The 642 MW Huexca combined cycle thermal power plant in Mexico obtained the approval of voters in a referendum over the weekend and will be allowed to enter operation, President Andrés Manuel López Obrador said Monday.

The already-built plant in Morelos state belongs to state power company Comisión Federal de Electricidad (CFE), while a 171 kilometer (99.4 mile) natural gas pipeline to supply it is operated by Spanish firms Elecnor and Enagás.

Although construction of both projects is complete, they remain idle due to delays facing an aqueduct that will supply the power station with water from a nearby treatment plant.

The power plant, as well as the natural gas and water pipelines, form part of CFE’s controversial Proyecto Integral Morelos (PIM), which also includes an electric power transmission line. CFE has so far invested about 25 billion pesos ($1.31 billion) in PIM, the president said.

López Obrador, who supports the project, announced on Feb. 8 that authorities would hold a referendum on whether the power station should be allowed to operate.

Already simmering tensions reached a boiling point after Samir Flores Soberanes, a 30-year-old environmental activist and leading voice against the project, was shot dead at his home in Morelos last Wednesday (Feb. 20).

The referendum, in which only residents of towns along the pipeline’s route were allowed to vote, was conducted over the weekend (Feb. 23-24). The pipeline passes through the states of Tlaxclala, Puebla and Morelos.

In a Monday morning press conference, López Obrador said that 59.5% of respondents voted in favor of the plant’s startup, which the president said should hopefully occur this year.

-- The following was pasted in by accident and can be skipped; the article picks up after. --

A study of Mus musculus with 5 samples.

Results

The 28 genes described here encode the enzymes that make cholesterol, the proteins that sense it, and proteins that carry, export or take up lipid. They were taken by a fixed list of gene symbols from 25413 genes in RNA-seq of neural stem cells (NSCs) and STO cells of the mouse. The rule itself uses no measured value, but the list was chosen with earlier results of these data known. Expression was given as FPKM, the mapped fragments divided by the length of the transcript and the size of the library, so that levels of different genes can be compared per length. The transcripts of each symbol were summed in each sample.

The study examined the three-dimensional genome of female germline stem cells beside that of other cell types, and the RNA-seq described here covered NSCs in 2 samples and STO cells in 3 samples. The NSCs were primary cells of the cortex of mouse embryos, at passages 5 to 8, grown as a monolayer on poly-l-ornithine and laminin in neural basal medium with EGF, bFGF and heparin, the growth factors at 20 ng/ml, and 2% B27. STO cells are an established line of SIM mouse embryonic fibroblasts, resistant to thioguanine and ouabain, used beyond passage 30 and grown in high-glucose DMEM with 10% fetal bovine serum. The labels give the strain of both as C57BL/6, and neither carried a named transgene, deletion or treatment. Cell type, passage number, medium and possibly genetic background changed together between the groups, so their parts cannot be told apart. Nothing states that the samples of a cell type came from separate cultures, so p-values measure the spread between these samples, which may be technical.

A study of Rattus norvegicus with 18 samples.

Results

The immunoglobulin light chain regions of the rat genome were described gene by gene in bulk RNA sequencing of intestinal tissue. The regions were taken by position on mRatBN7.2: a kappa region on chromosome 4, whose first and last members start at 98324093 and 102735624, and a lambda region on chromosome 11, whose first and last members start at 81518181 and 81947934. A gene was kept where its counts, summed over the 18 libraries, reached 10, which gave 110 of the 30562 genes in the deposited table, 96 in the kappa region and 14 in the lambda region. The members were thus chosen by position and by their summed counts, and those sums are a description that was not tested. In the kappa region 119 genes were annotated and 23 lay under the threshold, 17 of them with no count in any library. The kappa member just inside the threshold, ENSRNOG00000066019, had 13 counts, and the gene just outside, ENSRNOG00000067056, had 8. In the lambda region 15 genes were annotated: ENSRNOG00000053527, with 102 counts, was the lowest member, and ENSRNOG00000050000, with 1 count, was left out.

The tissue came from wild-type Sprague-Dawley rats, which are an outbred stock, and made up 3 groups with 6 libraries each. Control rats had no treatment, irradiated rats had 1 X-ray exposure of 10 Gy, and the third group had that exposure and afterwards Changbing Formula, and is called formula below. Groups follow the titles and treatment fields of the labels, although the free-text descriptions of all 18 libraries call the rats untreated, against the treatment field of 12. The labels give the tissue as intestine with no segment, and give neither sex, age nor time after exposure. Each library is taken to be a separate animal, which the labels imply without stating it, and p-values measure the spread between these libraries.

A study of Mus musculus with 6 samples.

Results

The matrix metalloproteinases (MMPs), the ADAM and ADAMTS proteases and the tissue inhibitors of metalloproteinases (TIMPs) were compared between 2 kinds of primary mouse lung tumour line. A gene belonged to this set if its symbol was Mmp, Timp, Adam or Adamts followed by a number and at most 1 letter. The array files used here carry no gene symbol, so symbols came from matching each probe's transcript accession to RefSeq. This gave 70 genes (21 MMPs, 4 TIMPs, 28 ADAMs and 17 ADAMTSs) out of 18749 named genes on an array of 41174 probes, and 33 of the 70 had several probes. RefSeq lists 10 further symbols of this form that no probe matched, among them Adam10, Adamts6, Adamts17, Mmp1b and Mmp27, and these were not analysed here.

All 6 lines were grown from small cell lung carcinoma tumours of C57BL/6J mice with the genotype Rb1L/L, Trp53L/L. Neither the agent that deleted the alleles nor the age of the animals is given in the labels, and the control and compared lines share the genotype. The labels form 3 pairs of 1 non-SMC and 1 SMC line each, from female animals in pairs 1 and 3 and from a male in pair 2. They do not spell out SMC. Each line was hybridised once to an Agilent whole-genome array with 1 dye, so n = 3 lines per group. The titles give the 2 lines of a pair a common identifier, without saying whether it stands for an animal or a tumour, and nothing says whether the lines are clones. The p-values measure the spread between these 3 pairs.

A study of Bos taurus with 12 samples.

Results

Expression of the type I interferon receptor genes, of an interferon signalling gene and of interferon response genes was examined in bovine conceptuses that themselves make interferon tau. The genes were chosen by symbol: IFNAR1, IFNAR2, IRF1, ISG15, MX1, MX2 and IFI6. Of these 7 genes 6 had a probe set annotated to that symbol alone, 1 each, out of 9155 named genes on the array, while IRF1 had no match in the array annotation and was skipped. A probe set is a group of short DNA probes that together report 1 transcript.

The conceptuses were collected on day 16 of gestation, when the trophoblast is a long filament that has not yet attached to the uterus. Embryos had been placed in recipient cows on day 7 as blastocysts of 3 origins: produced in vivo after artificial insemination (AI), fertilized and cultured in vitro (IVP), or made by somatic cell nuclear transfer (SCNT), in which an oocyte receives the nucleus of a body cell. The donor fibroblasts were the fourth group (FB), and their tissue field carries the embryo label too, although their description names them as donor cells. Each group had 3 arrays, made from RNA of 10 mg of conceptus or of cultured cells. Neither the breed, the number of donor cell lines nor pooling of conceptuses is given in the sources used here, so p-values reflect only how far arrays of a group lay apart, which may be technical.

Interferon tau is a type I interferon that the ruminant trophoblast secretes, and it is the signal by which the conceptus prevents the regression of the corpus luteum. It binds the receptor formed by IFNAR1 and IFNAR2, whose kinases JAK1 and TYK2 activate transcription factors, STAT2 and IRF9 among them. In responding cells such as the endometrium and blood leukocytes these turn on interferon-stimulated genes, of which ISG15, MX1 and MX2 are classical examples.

El Frente de Pueblos en Defensa de la Tierra y el Agua, the group which has led opposition to PIM, has said the project threatens the supply and quality of water in the area, and have cited the danger presented by the pipeline’s proximity to an active volcano.

The group publicly rejected the referendum results on Monday, and said it will continue to fight against the aqueduct’s completion.

López Obrador acknowledged “repression” of residents along the pipeline’s route during its construction, but highlighted the importance of the power plant, citing the fact that it is owned by CFE as opposed to a foreign company.

Both López Obrador and CFE’s chief executive, Manuel Bartlett, oppose the idea of CFE, which holds a monopoly in the power transmission and distribution segments, purchasing electricity from third parties.

In a press conference last Friday, Bartlett said that CFE will seek to restructure its $60 billion debt burden, and that $16 billion of that total pertains to seven natural gas pipelines under development by the private sector that are delayed or inactive.

CFE, which commissioned the pipelines, is contractually obligated to make fixed-capacity payments to the projects’ developers under force majeure clauses.

Bartlett on Friday called the contract terms “unacceptable” and said they must be renegotiated.

The pipelines in question comprise Tuxpan-Tula, Tula-Villa de Reyes, Samalayuca-Sasabe, Guaymas-El Oro, La Laguna-Aguascalientes, Villa de Reyes-Guadalajara, and Sur de Texas-Tuxpan.

TransCanada Corp. Is developing the first two projects, while billionaire Carlos Slim’s Grupo Carso is behind Samalayuca-Sasabe. Infraestructura Energética Nova (IEnova) built and is the operator of Guaymas-El Oro, while La Laguna-Aguascalientes and Villa de Reyes-Guadalajara are part of the so-called “Wahalajara” pipeline system under development by Mexico-based Fermaca. Sur de Texas-Tuxpan, meanwhile, is a joint-venture between TransCanada and IEnova.

Bartlett on Friday reiterated that he “was always against” the 2013 constitutional energy reform that opened Mexico’s state-dominated energy industry to private sector competition, but told reporters that during the first three years of López Obrador’s presidency, there will be no legal or constitutional changes made to the energy reform.